Premier League clubs spent a record £815 million ($1 billion) in a frantic January transfer window -- nearly double the previous highest figure, according to sports finance experts Deloitte.
Deals came thick and fast in the final hours of the window on Tuesday, with big-spending Chelsea setting a new British record in signing Argentina's World Cup winner Enzo Fernandez from Benfica for 121 million euros ($132 million, £106.8 million).
The gross spend was 90 percent higher than the previous record (£430 million in 2018) and almost triple the previous January window.
Clubs from the English top flight also set a record for net transfer expenditure during a January window of £720 million.
Combined with the record £1.9 billion spend during the summer transfer window, Premier League clubs have splurged £2.8 billion during the 2022/23 season, a new all-time high.
Deadline-day expenditure by Premier League clubs of £275 million is also a new record for January, obliterating the previous mark.
Five of the top six revenue-generating clubs accounted for more than half of the total gross spend, with Chelsea responsible for more than a third of the total league expenditure.
The Premier League's huge spending is backed by record revenues for broadcasting rights for the 2022-2025 cycle.
For the first time international TV rights sales outstripped the figure for the UK domestic market, taking the total to more than £10 billion over three years.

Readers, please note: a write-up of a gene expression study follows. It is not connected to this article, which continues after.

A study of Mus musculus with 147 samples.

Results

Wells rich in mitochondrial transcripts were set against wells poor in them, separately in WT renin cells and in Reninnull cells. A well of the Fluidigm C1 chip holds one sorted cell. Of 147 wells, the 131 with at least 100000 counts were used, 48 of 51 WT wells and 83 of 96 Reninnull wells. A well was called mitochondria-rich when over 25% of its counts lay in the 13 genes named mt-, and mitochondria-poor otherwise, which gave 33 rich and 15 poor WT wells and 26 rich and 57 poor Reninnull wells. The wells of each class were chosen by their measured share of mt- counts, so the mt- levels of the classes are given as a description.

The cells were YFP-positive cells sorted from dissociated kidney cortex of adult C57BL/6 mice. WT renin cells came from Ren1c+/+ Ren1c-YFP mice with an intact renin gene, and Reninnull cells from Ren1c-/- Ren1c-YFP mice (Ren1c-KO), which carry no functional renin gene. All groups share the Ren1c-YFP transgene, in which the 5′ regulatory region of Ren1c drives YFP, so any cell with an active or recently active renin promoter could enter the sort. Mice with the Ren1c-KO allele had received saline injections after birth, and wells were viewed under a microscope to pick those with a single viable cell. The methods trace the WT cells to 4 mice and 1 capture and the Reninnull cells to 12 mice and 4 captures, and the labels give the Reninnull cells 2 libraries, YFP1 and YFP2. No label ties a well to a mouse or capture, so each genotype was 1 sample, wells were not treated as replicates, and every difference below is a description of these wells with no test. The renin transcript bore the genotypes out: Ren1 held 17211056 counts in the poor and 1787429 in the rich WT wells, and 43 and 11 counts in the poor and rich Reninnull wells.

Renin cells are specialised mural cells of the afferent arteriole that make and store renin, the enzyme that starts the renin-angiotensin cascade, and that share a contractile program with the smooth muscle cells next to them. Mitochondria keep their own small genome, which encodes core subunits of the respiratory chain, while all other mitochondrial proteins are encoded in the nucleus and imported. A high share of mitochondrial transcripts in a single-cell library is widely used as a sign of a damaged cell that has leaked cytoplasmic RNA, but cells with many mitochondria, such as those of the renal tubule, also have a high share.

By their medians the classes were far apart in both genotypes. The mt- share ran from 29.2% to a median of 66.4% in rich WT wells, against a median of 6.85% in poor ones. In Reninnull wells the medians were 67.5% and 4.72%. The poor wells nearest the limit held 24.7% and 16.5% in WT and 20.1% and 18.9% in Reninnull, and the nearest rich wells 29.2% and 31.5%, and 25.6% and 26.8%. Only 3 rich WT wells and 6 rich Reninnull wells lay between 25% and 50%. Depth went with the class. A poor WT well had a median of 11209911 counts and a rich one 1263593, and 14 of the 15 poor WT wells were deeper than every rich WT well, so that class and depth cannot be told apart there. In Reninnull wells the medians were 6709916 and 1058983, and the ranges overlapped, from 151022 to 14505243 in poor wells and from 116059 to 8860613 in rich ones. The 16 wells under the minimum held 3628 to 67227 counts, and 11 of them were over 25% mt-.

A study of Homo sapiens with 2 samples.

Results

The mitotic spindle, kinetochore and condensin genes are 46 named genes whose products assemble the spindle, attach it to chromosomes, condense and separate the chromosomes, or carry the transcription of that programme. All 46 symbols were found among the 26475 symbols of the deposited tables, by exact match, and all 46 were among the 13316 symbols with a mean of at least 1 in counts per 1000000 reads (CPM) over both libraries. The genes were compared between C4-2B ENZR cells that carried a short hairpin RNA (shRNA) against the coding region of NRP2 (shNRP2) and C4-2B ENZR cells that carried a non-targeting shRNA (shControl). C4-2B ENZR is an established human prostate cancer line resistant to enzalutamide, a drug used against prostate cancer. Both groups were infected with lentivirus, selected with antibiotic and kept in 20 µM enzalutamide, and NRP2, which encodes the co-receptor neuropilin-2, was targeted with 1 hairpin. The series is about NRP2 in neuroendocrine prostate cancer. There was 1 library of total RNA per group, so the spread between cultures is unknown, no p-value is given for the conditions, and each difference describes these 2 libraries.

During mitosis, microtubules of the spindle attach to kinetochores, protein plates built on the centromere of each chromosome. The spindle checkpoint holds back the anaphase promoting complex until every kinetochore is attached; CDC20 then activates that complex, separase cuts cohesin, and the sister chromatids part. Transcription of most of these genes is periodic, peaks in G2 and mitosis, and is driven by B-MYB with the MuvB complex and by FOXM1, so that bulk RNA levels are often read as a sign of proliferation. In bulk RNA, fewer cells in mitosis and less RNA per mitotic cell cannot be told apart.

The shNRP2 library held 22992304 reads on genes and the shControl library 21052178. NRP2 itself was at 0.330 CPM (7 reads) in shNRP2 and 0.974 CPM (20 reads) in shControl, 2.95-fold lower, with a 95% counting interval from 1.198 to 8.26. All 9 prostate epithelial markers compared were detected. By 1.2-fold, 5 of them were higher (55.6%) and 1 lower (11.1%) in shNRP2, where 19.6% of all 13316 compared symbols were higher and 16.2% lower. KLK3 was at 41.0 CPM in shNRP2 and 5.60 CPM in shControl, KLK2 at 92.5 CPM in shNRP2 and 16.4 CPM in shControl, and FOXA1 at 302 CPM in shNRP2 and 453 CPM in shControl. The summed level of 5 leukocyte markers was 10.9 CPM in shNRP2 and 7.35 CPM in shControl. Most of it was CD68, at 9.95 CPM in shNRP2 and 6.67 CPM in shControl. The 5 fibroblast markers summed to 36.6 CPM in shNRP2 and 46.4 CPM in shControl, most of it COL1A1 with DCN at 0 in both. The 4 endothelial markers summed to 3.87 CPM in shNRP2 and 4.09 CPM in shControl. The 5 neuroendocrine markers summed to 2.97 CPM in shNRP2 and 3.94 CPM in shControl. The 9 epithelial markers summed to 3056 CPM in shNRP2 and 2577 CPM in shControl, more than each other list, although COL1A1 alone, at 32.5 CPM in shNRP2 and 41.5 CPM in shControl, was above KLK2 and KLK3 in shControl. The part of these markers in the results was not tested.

Premier League clubs blew their European rivals out of the water, accounting for 79 percent of total spending across Europe's major football leagues in January -- the highest proportion ever reported.
Transfer spending fell across the rest of Europe’s "big five" leagues from 396 million euros in the January 2022 window to 255 million euros.
The president of Spain's La Liga, Javier Tebas, accused the majority of Premier League clubs of "economic doping".
He tweeted: "We read about the strength of the Premier League but it is not like that. It is a competition built on clubs making multi-million losses."
Race for talent
Tim Bridge, lead partner in Deloitte’s Sports Business Group, said Premier League spending was "beyond anything that we've seen before".
"It is a clear indication of talent acquisition being core to Premier League clubs' business strategies," he said.
"In securing the best available talent, clubs hope to improve results on the field, which in turn will enhance the appeal of the Premier League and further cement its position at the very top of world football."
But Bridge warned there was a fine balance between prioritising success on the pitch and maintaining financial sustainability and also highlighted the lack of domestic business.
More than 85 percent of Premier League clubs’ gross spending was directed towards acquiring players playing outside the UK.
Bridge said the decline would be of concern to lower-tier clubs in England and could further fuel the debate around a more even distribution of finances.
Calum Ross, assistant director in the Sports Business Group, said many clubs across Europe had sold valuable talent as they sought to prioritise financial stability.
"The rest of the big five leagues in Europe have had more subdued spending power, likely impacted by negative growth in their broadcast rights in the most recent cycle, while at the same time, some European clubs are still recovering post-pandemic," he said.